Last month, the SmartCitiesUK 2019 conference took place which has engaged with more than 1,000 regional leads since its beginning in 2015. The conference aims to share knowledge, guidance, resources and best practices among UK cities and towns who seek to better meet their settlement’s transport, economic and social needs.
In particular, the conference focuses on tackling and solving the challenges of smart cities within the UK, and also kick-starting development programmes. This naturally resulted in the introduction of a series of international awards which aim to encourage best-practices for smart cities and towns. This was established in 2016 and continues to this day.
Winners of these awards must demonstrate impact, as well as accelerating economic and social outcomes, within a city, town or even an entire regional area. Over the duration of just three years, the conference has noted rapid development in this area and has gifted more than twenty awards to organisations that have proved their benefit to smart city development.
In 2019, Southwark Council were awarded for their work on digital infrastructure. This was designed to provide residents and businesses with digital tools. The main goal was to move the entire community towards a “digital by default” future, where services and tools integrated seamlessly within the borough. These tools aimed to improve both work life and home life for citizens, as well as to work with other structures in place across the wider city of London.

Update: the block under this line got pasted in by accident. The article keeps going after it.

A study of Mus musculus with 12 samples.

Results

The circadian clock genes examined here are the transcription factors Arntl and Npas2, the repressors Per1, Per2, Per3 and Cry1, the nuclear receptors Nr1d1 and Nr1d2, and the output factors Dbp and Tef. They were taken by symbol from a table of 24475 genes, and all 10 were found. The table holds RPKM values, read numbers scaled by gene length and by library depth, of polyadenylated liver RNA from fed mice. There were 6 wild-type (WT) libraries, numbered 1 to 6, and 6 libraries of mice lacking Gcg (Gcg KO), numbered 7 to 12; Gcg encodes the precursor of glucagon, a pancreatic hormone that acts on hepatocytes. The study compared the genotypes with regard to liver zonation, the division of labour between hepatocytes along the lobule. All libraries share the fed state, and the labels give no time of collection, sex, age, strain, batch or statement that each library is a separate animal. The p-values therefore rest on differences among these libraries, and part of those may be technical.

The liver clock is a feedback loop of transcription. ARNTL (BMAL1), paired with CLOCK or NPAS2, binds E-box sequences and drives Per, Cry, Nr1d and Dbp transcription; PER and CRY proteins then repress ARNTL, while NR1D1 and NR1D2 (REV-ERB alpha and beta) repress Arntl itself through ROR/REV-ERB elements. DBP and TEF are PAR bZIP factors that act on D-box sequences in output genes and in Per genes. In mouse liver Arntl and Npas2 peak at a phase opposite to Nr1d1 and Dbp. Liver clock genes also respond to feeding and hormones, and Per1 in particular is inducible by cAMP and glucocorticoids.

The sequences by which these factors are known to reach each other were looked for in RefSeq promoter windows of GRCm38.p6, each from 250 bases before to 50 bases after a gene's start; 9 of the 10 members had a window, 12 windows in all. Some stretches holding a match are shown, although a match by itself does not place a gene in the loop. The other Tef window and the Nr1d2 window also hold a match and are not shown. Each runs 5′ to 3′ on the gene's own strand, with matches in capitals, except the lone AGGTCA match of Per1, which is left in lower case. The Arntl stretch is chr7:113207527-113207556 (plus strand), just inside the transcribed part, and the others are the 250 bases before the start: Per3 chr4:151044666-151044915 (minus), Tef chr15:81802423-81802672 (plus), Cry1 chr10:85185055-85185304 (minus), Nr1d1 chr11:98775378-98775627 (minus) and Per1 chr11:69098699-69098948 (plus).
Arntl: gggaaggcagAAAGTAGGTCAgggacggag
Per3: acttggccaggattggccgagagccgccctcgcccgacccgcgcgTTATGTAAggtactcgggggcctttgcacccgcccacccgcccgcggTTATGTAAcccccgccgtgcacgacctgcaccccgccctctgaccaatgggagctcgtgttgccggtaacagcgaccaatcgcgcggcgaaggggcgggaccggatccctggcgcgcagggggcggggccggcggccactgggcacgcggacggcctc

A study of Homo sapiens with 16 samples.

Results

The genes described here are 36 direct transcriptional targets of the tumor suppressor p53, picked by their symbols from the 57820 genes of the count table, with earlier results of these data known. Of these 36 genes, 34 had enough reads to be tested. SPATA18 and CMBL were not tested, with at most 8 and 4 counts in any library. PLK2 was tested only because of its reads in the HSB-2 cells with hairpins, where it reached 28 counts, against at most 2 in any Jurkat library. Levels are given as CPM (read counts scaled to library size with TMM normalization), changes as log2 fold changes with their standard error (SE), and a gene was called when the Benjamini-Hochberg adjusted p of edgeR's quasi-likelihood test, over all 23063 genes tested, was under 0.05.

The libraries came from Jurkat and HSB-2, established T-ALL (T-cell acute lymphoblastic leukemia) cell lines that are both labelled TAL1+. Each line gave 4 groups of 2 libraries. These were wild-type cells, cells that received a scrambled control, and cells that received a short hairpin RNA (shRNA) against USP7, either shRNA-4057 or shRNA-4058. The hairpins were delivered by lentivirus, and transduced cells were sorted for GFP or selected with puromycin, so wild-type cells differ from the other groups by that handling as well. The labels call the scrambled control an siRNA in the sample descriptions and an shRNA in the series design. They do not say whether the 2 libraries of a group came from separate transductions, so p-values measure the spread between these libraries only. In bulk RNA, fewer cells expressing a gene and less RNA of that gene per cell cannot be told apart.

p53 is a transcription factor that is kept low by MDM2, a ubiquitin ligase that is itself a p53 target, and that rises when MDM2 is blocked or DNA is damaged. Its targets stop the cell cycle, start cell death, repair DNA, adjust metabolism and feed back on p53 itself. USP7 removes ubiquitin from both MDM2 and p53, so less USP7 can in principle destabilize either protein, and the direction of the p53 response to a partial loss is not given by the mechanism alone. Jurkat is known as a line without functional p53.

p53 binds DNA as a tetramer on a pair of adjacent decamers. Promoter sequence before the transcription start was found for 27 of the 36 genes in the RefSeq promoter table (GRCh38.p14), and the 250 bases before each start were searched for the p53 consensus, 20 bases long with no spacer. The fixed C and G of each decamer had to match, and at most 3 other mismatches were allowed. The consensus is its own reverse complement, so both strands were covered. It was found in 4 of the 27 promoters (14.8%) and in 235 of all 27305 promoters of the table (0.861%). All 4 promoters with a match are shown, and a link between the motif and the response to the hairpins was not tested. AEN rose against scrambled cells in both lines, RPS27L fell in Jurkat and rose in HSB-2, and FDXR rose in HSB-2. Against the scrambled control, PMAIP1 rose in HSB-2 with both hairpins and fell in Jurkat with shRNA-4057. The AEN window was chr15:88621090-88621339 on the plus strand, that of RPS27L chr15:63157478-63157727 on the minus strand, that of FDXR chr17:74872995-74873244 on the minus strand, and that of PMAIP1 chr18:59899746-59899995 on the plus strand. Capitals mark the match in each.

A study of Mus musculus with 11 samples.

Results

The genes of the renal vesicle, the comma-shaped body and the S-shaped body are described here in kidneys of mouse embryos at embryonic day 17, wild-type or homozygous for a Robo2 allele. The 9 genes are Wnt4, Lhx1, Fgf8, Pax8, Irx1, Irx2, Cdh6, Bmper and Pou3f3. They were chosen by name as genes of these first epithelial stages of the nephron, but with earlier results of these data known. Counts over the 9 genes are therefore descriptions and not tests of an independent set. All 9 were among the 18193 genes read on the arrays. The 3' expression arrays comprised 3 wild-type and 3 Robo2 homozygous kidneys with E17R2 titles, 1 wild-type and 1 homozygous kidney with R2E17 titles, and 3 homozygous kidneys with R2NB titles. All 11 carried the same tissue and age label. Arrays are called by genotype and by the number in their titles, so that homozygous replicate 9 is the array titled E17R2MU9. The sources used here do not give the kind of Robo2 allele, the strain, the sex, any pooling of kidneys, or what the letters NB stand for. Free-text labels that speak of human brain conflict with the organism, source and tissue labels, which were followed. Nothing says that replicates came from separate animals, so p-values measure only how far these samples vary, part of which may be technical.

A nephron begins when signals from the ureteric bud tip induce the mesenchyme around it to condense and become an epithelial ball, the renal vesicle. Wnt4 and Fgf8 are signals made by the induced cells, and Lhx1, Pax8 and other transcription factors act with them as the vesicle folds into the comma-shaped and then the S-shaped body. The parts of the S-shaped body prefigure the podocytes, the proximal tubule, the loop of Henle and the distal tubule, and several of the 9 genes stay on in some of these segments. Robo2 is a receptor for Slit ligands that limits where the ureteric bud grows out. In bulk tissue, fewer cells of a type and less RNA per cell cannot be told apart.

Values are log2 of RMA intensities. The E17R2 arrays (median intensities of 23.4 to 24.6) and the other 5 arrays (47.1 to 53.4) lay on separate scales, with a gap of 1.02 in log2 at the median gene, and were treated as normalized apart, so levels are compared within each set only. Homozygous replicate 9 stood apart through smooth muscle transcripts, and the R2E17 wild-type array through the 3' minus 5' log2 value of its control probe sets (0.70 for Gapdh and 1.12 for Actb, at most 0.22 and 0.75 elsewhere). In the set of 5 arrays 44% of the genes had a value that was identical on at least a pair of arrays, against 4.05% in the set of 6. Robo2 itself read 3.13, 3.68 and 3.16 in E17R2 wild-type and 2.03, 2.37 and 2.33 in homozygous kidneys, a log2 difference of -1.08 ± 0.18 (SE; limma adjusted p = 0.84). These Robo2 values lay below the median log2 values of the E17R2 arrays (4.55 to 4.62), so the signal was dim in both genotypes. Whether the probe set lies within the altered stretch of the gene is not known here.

In addition to Southwark Council, local authorities in Bristol were also commended for their work with smart homes in the city. This involved the development of more than 150 homes to switch to the use of smart appliances and tools, which ultimately aimed to improve quality of life. These new “smart connected homes” are theorised to increase energy savings while also benefiting residents and reducing wasted resources.
Finally, the power of virtual reality (VR) was acknowledged in an award won by Tricuro – a local authority trading company working towards reducing the impacts of dementia. They have been developing a virtual beach project using VR to engage with patients and reduce their physical impairments in targeted areas. Richard Dolan, Innovation and Technology Manager commented:
“The power of VR to connect people to human experiences is vast, and our project has been about just that – the use of VR and immersive technology as a tool to create meaningful human experiences that make a difference to people’s lives, that enable us to better understand the person, their life, and how we can connect that person to something that gives them an experience that is truly person centred.” This notion was supported by the judges of SmartCitiesUK 2019 who, collectively, aim to support innovation and development in all forms for the benefits of towns and cities. They concluded that they look forward to next year’s entries as well as another year of smart city development for the UK itself.